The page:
Book adaptions are a dime a dozen these days, whether it be as a series or a film, and I think it’s safe to say there have been some proper stinkers out there. So with that in mind, you can imagine my caution going into an adaption of (probably) my favourite piece of literature.
American Gods takes the premise of “What if all the Gods were real and are wandering the Earth?” More specifically, it examined what happens when you take your Gods somewhere, then leave. We follow ex-con Shadow Moon as he travels across America with the mysterious Mr. Wednesday.
Well, after watching the pilot, I can hand on heart say that it not only met, but actually surpassed my expectations of what I hoped Starz could do with Neil Gaiman’s iconic novel.
Honestly, from the cold open of Vikings landing on Vinland up to the last few seconds, I was absolutely hooked.
Following the story almost to a T, the changes are very subtle and, to be honest, actually make for better television. The dream world perhaps seems a little over the top compared to how I envisioned it, as is the Buffalo, however these changes are ultimately superficial and have no real impact on the overall flow of the story.
The real highlight of the episode is in the casting and characterisation, with Ian McShane providing to be nothing short of perfect in the role of Wednesday, with tiny nuances added that make you warm to him instantly as he manages to almost let the character take over. I probably should have known that an actor of McShane’s caliber would nail the role, but I had no idea he would have been this perfect!
No spoilers here, but the scenes featuring Bilquis and the Technical Kid were not only perfect replications of the book, but somehow managed to add to them in the processe. The “somewhere in America” introduction was a stroke of genius too.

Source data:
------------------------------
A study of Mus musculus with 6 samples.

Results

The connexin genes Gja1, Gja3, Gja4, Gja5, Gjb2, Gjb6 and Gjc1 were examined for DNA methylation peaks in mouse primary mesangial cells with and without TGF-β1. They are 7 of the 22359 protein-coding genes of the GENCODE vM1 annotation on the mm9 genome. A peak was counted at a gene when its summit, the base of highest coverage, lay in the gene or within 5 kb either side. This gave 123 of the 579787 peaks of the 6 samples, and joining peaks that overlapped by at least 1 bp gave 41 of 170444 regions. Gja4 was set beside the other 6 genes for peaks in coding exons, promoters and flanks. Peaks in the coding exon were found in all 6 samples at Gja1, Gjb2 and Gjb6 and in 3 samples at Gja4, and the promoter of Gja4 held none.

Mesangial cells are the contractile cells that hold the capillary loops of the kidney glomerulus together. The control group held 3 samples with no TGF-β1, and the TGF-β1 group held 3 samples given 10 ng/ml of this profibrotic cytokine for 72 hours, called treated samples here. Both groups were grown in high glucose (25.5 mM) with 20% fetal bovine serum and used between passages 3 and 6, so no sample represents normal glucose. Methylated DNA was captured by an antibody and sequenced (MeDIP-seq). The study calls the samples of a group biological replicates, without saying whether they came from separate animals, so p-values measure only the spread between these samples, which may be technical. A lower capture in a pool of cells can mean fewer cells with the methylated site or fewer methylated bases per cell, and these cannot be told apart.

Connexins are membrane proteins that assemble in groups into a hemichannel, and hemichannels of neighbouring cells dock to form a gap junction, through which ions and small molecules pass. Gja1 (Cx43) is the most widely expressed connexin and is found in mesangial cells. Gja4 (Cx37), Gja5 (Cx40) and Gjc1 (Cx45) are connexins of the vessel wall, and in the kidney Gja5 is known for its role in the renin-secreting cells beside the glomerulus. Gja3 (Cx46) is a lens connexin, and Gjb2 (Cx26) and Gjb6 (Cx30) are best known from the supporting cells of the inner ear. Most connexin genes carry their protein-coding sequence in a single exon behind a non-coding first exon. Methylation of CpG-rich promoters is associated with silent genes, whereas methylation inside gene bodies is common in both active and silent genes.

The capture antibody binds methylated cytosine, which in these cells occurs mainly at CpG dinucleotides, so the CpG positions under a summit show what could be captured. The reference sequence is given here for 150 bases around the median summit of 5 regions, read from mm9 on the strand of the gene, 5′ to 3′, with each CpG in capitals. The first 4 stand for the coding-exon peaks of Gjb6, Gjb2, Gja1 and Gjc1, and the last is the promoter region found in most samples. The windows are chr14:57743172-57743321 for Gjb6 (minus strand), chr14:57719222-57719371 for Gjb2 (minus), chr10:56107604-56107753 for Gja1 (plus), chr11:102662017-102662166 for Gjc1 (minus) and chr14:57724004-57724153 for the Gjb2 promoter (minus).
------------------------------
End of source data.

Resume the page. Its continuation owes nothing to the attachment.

To speak of the negatives for a moment, I do think the visceral nature of the violence was a little excessive. While it was certainly expected after seeing the direction that the likes of Vikings and Ash have gone with it in the past, I do think it was a little unnecessary for American Gods. Perhaps it was included for shock value, or to make the series seem more ‘adult’, maybe? There were also a few tonal shifts that felt unnecessary, however I understand it may have been to make better TV.
Overall I had a smile on my face almost from start to finish. This is a near-perfect interpretation of a near-perfect text. If you weren’t a fan before or are new to the series, the mix of fantasy and reality, new Gods and old, will have you hooked by the end of the first episode.
The first episode of American Gods (“The Bone Orchard”) airs on April 30th on Starz and Amazon Prime.